New USDA Farm to School Report Cites Best Practices Found Across The Nation

Survey Included Visit To Burlington School District

(TUESDAY, July 12) -- A report released Tuesday by the U.S. Department of Agriculture offers useful “how-to” lessons for schools interested in joining the burgeoning Farm to School movement. 

This report cites lessons learned from field visits to 15 school districts across the country, including the Burlington School District, and identifies the survey team’s best-practice findings.  The USDA report notes that the Burlington School District is one of only two of the 15 visited that has a Farm to School coordinator to organize the logistics of the district’s Farm To School activities.

Senator Patrick Leahy (D-Vt.) praised the survey effort and said, “Connecting farms and schools makes sense in so many ways, from economics to nutrition.  I am pleased and proud that USDA came to Vermont to learn from Burlington’s experiences with Farm to School.  This report is a distillation of strategies and logistics that are working best in Burlington and in other leading Farm to School communities.  It is another solid step forward in supporting local and regional food systems and in helping schools deal with the challenges and enjoy the many benefits of the Farm to School reforms.”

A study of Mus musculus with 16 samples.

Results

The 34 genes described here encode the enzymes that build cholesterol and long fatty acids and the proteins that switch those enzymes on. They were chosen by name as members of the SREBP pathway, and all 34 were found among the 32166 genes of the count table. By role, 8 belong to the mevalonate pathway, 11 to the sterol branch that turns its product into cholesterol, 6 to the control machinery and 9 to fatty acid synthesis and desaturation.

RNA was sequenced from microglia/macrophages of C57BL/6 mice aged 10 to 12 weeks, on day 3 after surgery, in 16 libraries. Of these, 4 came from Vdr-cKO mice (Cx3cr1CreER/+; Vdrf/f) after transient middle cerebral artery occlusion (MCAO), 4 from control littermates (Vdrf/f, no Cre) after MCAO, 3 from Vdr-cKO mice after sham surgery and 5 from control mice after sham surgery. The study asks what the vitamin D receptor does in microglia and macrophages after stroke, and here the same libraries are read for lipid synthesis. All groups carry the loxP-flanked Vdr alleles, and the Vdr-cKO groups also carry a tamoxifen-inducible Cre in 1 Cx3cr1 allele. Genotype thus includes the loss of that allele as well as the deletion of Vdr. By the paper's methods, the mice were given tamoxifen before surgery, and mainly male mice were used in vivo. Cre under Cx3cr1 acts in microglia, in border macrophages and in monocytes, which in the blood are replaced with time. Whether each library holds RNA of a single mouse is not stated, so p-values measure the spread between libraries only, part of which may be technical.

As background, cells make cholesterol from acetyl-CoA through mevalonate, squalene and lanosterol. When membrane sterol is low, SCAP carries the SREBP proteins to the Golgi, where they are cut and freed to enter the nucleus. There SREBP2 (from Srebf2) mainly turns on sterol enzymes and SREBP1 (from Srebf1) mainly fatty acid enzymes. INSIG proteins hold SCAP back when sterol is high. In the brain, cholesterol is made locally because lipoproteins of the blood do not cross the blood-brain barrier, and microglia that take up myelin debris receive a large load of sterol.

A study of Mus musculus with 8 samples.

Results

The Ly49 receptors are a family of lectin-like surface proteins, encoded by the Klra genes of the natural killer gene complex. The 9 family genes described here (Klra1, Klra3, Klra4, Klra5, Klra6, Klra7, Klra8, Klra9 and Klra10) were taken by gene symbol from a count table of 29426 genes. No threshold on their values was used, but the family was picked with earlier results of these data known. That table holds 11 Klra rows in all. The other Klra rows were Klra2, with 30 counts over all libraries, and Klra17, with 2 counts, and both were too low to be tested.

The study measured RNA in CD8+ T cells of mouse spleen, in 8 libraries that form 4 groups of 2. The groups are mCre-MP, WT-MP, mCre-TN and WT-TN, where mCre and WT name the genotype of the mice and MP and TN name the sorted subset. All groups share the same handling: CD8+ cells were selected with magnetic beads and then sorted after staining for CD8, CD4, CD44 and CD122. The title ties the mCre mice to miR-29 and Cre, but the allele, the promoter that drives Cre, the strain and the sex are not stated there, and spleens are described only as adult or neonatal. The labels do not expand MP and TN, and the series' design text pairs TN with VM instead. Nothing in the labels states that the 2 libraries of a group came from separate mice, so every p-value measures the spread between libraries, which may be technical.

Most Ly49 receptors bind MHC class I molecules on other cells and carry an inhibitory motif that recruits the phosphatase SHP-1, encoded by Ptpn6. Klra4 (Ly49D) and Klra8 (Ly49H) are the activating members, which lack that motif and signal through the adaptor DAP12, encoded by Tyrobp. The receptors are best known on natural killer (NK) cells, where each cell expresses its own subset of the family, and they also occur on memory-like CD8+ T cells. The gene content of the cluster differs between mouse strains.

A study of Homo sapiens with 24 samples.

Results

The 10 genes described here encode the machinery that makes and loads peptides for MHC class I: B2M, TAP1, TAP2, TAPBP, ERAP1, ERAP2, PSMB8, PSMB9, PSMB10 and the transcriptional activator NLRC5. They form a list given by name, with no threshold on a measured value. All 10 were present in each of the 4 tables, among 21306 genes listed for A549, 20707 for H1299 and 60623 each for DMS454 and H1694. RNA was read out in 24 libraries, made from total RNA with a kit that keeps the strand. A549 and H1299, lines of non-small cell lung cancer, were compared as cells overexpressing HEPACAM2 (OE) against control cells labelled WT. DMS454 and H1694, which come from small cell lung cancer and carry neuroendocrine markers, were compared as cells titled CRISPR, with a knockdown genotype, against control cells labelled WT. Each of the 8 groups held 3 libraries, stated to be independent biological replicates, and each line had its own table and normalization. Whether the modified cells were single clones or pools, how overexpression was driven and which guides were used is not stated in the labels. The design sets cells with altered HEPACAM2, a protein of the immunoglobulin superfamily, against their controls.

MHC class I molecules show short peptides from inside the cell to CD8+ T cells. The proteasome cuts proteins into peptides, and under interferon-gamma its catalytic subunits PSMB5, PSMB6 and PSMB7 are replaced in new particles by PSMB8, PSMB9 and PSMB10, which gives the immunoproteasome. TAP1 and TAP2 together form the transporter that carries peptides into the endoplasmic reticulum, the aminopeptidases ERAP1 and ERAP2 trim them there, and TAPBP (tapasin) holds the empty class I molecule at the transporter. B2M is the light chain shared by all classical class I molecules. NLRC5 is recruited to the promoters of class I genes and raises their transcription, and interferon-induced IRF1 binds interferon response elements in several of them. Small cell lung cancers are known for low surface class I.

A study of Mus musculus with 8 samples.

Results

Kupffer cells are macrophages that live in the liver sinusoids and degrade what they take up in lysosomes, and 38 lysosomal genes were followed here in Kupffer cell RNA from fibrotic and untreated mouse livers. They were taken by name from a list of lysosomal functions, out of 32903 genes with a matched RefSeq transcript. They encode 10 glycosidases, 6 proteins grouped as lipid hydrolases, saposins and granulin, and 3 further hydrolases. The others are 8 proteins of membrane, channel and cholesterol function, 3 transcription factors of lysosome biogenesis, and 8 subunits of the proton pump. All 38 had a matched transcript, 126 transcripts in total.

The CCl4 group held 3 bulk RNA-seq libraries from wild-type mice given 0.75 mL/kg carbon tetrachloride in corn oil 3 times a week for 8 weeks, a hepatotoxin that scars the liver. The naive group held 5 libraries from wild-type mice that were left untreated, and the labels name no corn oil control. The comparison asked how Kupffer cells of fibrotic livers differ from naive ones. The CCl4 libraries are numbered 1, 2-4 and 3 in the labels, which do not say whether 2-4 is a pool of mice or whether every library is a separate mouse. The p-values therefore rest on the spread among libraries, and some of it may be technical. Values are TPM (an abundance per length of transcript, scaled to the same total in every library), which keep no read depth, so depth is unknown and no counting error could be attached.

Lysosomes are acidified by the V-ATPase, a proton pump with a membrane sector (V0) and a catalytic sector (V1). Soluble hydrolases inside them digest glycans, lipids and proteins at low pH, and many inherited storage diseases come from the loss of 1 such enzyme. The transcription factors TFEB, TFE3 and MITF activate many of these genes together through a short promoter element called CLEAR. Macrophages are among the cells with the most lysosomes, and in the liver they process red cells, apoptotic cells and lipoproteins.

Farm to School efforts are intended both to improve childhood nutrition and to create new economic opportunities by forging local and regional food links to school nutrition programs, keeping farm dollars at home in the rural communities that need them.

Leahy and other advocates for the Farm to School movement note that fresher foods and wider lunchroom offerings go hand in hand with nutrition improvements in schools, where 32 million children have meals every school day.  One of every three American children is risk for preventable diseases such as diabetes, hypertension and heart disease due to overweight and obesity. 

Leahy, long a leader on child nutrition and a champion of Farm to School efforts on the Senate Committee on Agriculture, Nutrition, and Forestry, included further Farm to School initiatives and dedicated funding in the Healthy, Hunger-Free Kids Act, updating the charter for federal child nutrition programs, which President Obama signed into law last December.